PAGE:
The Tour Divide has had a free-for-all nature since the Adventure Cycling Association first mapped the route in the 1990s. “The spirit of the event has always been anti-establishment,” said Lee, the race organizer. This approach has fostered a tight-knit community among the cyclists.
“I love that it belongs to us,” said Alexandera Houchin, who holds the women’s record on a single-speed bike: 18 days 20 hours 26 minutes. “The ultra-endurance community is like my family.”
“It’s become ceremony for me,” added Houchin, who is an Anishinaabe citizen of the Fond du Lac Band of Lake Superior Chippewa. “And I think that’s something a lot of my Indigenous brothers and sisters can relate to. I just want more Native people riding.”
The fastest riders finish the Tour Divide in just over two weeks. For others, the grueling trek can take two months. To save time, many sleep four to six hours a night in a sleeping bag shell called a bivouac sack.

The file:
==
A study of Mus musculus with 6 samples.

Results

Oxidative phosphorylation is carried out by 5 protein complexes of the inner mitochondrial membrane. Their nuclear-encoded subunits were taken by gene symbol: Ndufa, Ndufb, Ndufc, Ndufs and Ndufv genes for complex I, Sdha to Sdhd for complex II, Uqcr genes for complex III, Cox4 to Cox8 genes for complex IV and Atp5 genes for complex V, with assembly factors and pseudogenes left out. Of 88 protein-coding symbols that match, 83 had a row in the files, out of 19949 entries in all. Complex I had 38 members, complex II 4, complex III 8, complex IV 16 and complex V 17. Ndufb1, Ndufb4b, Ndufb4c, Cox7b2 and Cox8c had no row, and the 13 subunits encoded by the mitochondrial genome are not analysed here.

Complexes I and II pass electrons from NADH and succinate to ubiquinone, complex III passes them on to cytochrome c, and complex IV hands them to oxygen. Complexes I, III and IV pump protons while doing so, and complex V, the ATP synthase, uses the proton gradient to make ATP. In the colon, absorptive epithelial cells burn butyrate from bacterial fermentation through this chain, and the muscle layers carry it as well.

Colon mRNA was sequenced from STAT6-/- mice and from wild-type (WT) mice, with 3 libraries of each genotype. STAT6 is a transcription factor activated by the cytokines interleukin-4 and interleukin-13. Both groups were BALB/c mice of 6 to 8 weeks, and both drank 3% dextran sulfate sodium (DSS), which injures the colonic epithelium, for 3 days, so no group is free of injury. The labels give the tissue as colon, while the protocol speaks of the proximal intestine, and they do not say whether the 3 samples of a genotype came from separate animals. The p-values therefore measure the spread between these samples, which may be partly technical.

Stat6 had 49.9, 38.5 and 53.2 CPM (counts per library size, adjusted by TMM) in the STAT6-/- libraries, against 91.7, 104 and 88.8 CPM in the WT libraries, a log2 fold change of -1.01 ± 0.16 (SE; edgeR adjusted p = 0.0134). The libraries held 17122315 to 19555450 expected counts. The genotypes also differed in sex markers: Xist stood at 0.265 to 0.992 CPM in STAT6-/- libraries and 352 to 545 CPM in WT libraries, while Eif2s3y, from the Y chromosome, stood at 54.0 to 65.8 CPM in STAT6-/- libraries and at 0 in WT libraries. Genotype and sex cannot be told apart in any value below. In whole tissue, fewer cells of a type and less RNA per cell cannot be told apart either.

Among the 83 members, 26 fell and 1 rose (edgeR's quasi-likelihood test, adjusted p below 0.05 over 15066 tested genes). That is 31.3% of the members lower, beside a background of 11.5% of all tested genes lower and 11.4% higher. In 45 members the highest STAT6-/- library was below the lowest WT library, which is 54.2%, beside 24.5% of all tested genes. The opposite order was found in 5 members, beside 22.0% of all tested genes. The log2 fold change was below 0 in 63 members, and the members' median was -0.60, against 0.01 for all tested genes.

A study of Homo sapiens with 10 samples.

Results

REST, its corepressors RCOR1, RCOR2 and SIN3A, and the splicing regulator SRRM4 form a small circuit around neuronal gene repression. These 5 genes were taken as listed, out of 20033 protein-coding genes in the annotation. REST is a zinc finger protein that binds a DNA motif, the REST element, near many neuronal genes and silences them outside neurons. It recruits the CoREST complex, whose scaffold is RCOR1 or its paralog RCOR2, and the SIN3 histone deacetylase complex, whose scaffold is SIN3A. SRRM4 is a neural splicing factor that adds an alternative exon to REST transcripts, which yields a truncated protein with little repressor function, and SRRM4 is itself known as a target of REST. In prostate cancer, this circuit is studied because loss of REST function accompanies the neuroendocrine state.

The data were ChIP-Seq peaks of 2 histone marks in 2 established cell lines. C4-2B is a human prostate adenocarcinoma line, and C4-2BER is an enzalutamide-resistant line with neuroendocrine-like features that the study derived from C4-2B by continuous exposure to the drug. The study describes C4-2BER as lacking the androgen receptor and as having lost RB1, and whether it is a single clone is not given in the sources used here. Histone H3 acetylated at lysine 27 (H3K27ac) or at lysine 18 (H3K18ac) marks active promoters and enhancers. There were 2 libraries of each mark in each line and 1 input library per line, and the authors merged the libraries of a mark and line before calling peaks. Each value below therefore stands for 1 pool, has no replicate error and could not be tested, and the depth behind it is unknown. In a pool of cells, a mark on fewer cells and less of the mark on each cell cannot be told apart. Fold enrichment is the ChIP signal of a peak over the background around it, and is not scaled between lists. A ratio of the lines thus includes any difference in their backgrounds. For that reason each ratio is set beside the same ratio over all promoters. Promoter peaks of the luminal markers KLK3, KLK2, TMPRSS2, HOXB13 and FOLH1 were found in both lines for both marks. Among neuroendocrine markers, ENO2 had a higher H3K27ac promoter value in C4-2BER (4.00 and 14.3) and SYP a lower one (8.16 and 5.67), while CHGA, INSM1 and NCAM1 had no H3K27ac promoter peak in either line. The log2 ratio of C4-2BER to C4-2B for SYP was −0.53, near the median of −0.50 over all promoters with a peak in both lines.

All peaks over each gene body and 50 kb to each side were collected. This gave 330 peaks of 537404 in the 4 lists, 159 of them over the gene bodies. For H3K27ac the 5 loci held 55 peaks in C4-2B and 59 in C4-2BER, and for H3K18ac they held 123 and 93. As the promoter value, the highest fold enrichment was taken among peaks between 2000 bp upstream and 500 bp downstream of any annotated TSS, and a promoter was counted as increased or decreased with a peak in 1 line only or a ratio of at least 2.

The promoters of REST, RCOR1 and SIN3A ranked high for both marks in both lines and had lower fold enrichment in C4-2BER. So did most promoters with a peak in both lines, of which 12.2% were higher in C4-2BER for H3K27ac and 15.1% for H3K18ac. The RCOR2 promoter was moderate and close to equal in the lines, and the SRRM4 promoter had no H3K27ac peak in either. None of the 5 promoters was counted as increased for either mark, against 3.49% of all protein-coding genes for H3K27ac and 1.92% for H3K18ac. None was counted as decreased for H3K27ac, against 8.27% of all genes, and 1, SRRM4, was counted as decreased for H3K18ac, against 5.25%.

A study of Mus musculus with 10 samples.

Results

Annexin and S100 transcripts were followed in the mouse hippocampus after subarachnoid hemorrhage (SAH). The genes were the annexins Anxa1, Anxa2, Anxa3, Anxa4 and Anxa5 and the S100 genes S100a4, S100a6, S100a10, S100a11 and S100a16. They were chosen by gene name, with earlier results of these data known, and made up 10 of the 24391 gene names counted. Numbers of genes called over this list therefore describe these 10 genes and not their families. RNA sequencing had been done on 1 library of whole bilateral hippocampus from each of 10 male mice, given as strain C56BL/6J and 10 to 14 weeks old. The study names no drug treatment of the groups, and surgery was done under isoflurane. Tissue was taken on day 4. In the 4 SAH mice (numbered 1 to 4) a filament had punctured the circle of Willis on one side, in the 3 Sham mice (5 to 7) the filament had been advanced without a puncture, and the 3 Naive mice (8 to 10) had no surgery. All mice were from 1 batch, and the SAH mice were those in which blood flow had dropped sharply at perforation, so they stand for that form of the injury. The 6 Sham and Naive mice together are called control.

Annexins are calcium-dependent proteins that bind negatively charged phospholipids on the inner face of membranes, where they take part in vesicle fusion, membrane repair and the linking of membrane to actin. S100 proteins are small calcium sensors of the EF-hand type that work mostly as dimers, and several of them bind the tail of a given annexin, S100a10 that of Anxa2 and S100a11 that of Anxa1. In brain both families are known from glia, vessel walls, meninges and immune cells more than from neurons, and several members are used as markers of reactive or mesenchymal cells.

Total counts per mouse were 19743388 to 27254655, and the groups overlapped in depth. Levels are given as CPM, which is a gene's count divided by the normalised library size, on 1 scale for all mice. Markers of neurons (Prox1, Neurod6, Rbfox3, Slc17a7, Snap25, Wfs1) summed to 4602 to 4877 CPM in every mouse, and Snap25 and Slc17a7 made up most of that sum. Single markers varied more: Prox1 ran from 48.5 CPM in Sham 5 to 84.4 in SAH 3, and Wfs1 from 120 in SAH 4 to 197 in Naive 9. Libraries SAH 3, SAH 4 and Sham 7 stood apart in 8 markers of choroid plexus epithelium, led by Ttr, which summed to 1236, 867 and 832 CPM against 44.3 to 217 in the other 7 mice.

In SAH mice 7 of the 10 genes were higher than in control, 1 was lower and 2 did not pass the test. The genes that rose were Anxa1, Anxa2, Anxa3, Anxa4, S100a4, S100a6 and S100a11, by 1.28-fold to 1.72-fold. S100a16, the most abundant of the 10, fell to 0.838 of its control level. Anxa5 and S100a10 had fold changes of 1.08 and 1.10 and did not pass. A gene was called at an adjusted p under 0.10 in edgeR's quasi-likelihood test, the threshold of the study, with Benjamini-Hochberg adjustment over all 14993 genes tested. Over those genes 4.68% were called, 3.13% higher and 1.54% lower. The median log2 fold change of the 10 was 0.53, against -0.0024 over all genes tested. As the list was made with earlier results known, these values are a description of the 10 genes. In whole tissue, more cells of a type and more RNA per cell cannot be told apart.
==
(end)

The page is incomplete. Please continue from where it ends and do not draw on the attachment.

Riders have always faced dangers on the Tour Divide, including bears, blisters, dehydration and smoke inhalation. A cyclist was killed in a collision with a truck during the race in 2010. Last July, a violent grizzly bear attack occurred in a Montana town where many bikepackers camp.
The effects of climate change have only increased the danger.
During last year’s race, flames lined the horizon as Sarah Swallow, a Tour Divide competitor, headed toward the Yampa River. It was the third day of Colorado’s Muddy Slide Fire, and smoke shrouded the sun in a pulsing fluorescent shade of orange. Swallow pushed up one last hill, needing to reach the river before local officials closed the crossing. Her only other option was to detour onto a long, busy highway, and that was time she couldn’t afford to lose.